The trade war that is playing out on a global scale now is hitting business outlooks — and the worldview of central banks.
That downturn in sentiment comes in the wake of tariffs levied back and forth on a plethora of goods across nations, and with sabre-rattling now translating into volleys between the United States and China. The economic skirmishes between the two nations escalated as the U.S. said it would impose tariffs on another $200 billion of goods. And, as has widely reported, the U.S. has slapped duties on any number of allies, looking to lessen trade deficits.
Thus, the heads of several central banks — ranging from the Federal Reserve to the European Central Bank (ECB) and the Bank of Japan, as Reuters reported — are ratcheting down expectations for global economic performance.
In remarks from central bankers themselves, Chair of the Federal Reserve Jerome Powell noted, “Changes in trade policy could cause us to have to question the outlook.” The newswire said this was among Powell’s “strongest remarks” yet on the issue. He added, “For the first time, we are hearing [from business leaders] about decision to postpone investment, postpone hiring, postpone making decisions … If you ask, is it in the forecast yet, is it in the outlook, the answer is no. And you don’t see it in the performance of the economy.”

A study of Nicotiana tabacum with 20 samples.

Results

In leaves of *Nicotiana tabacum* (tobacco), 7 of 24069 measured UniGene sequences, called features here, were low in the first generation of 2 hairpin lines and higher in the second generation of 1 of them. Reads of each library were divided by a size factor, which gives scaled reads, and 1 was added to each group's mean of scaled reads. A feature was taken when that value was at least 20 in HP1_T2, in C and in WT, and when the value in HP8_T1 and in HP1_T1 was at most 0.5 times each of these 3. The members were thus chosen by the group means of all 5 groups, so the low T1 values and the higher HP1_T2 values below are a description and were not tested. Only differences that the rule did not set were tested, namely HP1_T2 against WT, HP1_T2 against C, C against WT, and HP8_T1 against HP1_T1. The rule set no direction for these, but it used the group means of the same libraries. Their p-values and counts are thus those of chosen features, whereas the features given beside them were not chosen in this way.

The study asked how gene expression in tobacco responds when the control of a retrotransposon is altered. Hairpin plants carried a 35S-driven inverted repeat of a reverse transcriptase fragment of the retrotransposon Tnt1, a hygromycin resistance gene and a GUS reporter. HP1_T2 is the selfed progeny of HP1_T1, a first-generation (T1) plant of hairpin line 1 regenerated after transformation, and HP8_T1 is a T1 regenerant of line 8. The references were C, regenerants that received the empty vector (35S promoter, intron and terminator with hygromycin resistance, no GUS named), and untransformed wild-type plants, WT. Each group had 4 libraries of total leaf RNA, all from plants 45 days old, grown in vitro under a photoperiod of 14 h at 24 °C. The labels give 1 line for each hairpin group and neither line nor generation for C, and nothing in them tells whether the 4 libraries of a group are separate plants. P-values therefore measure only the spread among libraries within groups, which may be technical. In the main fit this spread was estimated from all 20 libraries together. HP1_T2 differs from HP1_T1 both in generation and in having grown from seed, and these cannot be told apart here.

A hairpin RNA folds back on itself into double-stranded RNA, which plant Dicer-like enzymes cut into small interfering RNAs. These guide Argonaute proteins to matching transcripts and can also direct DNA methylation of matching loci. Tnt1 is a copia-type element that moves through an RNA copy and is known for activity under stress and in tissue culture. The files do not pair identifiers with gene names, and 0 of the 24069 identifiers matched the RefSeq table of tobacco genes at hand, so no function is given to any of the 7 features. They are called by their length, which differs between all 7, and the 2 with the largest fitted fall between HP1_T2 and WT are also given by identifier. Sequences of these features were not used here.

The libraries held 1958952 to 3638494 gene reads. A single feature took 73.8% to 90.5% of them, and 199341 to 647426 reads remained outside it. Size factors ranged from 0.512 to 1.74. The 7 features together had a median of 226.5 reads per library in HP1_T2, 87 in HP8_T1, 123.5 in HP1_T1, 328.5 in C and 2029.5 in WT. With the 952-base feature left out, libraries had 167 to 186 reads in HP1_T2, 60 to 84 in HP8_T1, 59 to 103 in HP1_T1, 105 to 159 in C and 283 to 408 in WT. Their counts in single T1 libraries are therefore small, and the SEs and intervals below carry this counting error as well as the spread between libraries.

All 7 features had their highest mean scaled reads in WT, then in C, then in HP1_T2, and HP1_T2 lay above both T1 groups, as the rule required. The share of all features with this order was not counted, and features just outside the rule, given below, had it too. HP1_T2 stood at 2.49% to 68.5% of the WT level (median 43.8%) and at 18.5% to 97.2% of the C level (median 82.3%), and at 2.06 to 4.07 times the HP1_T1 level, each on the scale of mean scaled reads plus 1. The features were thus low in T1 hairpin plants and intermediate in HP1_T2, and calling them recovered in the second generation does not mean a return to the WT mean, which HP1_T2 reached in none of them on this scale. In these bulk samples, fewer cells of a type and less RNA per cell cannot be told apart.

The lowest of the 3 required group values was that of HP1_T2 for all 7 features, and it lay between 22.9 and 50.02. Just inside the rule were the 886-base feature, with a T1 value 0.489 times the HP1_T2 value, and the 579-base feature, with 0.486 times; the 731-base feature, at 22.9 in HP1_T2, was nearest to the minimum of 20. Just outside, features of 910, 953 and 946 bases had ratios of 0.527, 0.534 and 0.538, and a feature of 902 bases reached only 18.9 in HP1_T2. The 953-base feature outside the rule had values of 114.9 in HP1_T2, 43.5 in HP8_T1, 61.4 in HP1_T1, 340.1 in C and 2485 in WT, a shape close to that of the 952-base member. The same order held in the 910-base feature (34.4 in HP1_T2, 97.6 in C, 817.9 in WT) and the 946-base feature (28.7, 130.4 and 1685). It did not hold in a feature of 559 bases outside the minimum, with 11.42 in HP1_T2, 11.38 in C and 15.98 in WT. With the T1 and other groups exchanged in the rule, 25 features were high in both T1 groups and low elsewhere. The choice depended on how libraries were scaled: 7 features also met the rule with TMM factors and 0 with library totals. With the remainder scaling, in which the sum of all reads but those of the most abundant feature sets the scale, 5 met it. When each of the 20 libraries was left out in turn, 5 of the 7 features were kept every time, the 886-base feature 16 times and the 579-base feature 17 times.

The impact could be sizable, as Deutsche Bank’s own analysis states. How sizable? The tariffs that target the added $200 billion on Chinese goods could hit the U.S. GDP growth rate by as much as 20 to 30 basis points. That would reduce estimated earnings of companies that reside in the broad equity index, the S&P 500, by at least 1 percent.
Separately, Berenberg economist Holger Schmieding lumped the damage on a broader scale, and stated that the trade wars would dampen each of the economies of the EU, U.S. and China by 10 to 20 basis points.
“Undermining the rules-based global trade order would sow serious uncertainty and raise transaction costs over time. In the long run, this could undo some of the gains from globalization over the last decades.”
The U.S. was not alone in its less-than-sanguine assessment. The head of the ECB, Mario Draghi, said the volleys on trade would have to be a part of economic outlook assessments going forward. Reuters quoted Draghi, saying the assessments are “not easy and it’s not yet time to see what the consequences on monetary policy of all this can be, but there’s no ground to be optimistic on that.”
The questions that loom large, beyond even those remarks, are what happens to the U.S. and Chinese consumers (engines of global growth), as they grapple with the impact of paying more for any number of finished items — as manufacturers must pass costs on somehow — and the easiest way to boost prices. Inflation hits growth, of course, and a hit to sentiment can have a long-standing ripple effect. As wallets close, business slows, and so does further investment in technology, innovation and hiring — and a vicious cycle may, in fact, back up the grim assessments being expressed by central bankers.